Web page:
Police raid 'Hamas office' in east J'lem

Hamas MP Nayef Rajoub released after serving 50-month term.

June 20, 2010 19:17
3 minute read.
Hamas security forces demonstrate their skills dur

Hamas security forces demonstrate their skills. (photo credit: AP)

Armed with recently acquired intelligence information and an order signed by Police Insp.-Gen. David Cohen, Jerusalem Police on Sunday shut down an office in the eastern section of the city that had allegedly been used by Hamas as a fundraising and recruitment center.

No violent incidents were reported as officers arrived at the office – located at 19 Haroun el-Rashid Street, near the Herod’s Gate entrance to the Muslim Quarter of the Old City – and carried out the order to shut it down.


Jerusalem Police spokesman Shmulik Ben-Ruby confirmed that one man had been inside the office when police arrived early Sunday afternoon, although he was not taken in for questioning and complied with police orders to vacate the premises while the office was shuttered.

Ben-Ruby added that the office had been a managerial branch of the movement, used for raising funds and recruitment, and was not part of Hamas’s military wing.

Nonetheless, the move came some five days after Shin Bet chief Yuval Diskin told members of the Knesset Foreign Affairs and Defense Committee that Hamas was making a concerted effort to purchase land and properties throughout the Jerusalem municipal area.

Diskin also said that, along with Hamas, the Palestinian Authority and the Islamic Movement were all currently operating in east Jerusalem and that the groups were competing with one another in an effort to gain influence and widen their presence in the area.

Also on Sunday, Nayef Rajoub, a Hamas legislator from the Hebron area, was released from Israeli prison after serving a 50-month sentence.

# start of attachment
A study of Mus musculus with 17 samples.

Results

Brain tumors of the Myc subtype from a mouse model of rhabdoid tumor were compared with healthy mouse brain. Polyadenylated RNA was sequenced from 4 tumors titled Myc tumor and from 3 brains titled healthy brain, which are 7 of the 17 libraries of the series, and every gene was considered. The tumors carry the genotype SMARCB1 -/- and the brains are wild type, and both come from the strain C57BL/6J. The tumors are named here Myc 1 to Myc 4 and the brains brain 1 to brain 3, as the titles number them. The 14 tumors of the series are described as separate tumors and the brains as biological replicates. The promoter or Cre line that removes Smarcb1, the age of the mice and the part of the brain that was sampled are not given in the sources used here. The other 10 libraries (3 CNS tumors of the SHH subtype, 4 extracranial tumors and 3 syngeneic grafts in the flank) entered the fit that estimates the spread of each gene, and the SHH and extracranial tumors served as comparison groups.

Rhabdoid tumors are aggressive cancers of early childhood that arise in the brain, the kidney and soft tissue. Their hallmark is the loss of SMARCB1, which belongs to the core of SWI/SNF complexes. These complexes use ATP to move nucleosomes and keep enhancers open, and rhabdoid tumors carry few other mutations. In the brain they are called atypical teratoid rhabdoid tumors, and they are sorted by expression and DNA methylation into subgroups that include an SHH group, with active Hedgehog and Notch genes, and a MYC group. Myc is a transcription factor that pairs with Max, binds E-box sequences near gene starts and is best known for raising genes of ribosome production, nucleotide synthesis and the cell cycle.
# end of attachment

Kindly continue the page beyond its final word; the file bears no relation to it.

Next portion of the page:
Rajoub was one of 40 Hamas legislators and senior officials who were arrested by the IDF in the West Bank shortly after the abduction of IDF soldier Gilad Schalit in 2006.

Prior to his arrest, he served as Minister for Wakf Affairs in the Hamas-controlled government.

In recent months, Israel has released many of the Hamas representatives who were arrested then.

With the release of Rajoub, only nine Hamas legislators remain in Israeli prison.

Another two Fatah legislators, Marwan Barghouti and Jamal Tirawi, are also in Israeli prison.

Upon his release from prison, Rajoub urged the Palestinian Authority to stop security coordination with Israel “as a first step toward confronting Israel’s racist policies.” He also called on the PA to stop pursuing Hamas supporters in the West Bank.

He is the brother of Jibril Rajoub, a former PA security commander and one of the prominent leaders of Fatah in the West Bank, who was one of the first to conduct security coordination with Israel.

The former security commander was also known for his ruthless crackdown on Hamas in the West Bank.

Meanwhile, Israel’s decision to deport four Hamas legislators from east Jerusalem has angered both the PA and Hamas.

The Ministry of Interior last month revoked the permanent residency status of the four men and confiscated their Israeli ID cards. The four were given one month to leave Israel or face detention.

The Palestinians fear that the deportation of the four Hamas legislators [which was upheld by the High Court] could serve as a precedent for revoking the permanent residency status of thousands of Arab residents of Jerusalem.

Last week PA President Mahmoud Abbas asked US special envoy George Mitchell to put pressure on Israel to rescind its decision.

The PA has also sent a letter to the US Administration warning that such a move could lead to the suspension of peace talks with Israel.

Hamas Prime Minister Ismail Haniyeh said on Sunday that the decision to deport the four legislators was “one of the most dangerous decisions against Jerusalem and Palestinian legislators.”

Haniyeh, who was speaking at a special session of the Palestinian Legislative Council in Gaza City to discuss the repercussions of the decision, condemned the move as “another Israeli crime.”